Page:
Amateur Woodworker

Belt Sander

Belt Sander

Approximate Cost

$130 upwards


Belt sanders are used to remove large amounts of wood in order to roughly sand the wood to shape. For example, if the wood in question has small ridges in it, a belt sander can be used to flatten these out. An extreme case of how the belt sander can be used to shape wood can be seen in the June 1997 issue when a belt sander was used to round off the front of the bedside cabinets into a smooth curve.

It is important to note that a belt sander is an intermediate step in the finishing process. Once you have roughly sanded the wood to shape with the belt sander you will still need to use an orbital or palm grip sander to get a smooth finish.

It is worth considering the following when purchasing a belt sander:

Using the belt sander

If misused, belt sanders can cause serious injuries. While this is true for most power tools, we feel that it worth stating explicitly here. Many people do not think that belt sanders can cause injury because their experience has been with orbital sanders. Nothing could be further from the truth. Belt sanders use very coarse sand paper at high speeds and will easier tear through your skin. These sanders should therefore be treated with the same caution and respect as a circular saw.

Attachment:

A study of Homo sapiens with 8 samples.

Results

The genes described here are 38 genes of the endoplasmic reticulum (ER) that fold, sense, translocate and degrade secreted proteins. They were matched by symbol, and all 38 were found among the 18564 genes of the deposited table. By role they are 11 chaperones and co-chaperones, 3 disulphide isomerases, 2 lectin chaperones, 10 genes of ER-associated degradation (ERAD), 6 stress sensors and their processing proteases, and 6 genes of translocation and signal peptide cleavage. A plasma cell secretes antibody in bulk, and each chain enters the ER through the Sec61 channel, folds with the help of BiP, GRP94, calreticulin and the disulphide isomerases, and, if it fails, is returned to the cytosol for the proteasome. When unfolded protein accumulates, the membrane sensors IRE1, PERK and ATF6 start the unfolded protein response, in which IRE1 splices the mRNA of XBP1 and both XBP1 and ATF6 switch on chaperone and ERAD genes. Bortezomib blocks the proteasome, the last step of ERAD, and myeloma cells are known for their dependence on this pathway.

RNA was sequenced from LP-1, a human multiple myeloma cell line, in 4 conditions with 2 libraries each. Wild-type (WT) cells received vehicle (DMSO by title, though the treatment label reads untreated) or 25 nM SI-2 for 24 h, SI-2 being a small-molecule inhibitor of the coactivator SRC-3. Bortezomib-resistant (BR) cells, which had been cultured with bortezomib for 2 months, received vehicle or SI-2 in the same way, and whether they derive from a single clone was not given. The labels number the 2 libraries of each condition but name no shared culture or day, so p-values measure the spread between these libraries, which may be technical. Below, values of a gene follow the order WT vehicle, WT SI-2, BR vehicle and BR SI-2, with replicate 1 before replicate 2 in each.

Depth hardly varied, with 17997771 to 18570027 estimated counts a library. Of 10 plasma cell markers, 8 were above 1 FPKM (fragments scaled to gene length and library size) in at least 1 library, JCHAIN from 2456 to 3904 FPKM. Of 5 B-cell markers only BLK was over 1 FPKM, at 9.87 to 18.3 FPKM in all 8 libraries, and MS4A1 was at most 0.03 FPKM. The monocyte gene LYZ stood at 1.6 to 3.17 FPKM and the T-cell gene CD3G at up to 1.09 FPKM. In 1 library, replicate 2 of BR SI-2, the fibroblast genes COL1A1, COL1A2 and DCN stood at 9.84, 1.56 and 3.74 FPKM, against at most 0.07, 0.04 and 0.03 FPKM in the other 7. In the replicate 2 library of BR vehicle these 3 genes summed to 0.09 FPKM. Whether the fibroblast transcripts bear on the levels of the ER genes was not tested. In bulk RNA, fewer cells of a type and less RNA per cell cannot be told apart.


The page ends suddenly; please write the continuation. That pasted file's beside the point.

To use the belt sander, first hold the sander away from the work and start the motor. Once the sander has reached its full speed, lower it onto the work with a slight forward motion. The main handle (at the back) is used to control the sander while the front auxiliary handle is used to guide it. When placing the sander on the work, let the rear roller make contact first, bringing the rest of the base into contact with the work as you begin to move the sander forwards.

The sander should be moved back and forth parallel to the grain of the wood. Do not let the sander stay in one place as this will cause an uneven surface. Short, overlapping strokes produce the best results. Avoid tilting the sander sideways as the belt edge can easily cut into the wood. Further, do not apply excessive pressure to the sander; the weight of the sander is usually enough to efficiently sand the wood. Use a coarse grit belt for most of the sanding, followed by a finer grit and then finish off by using an orbital or palm grip sander.

Never change a sanding belt when the belt sander is still plugged in.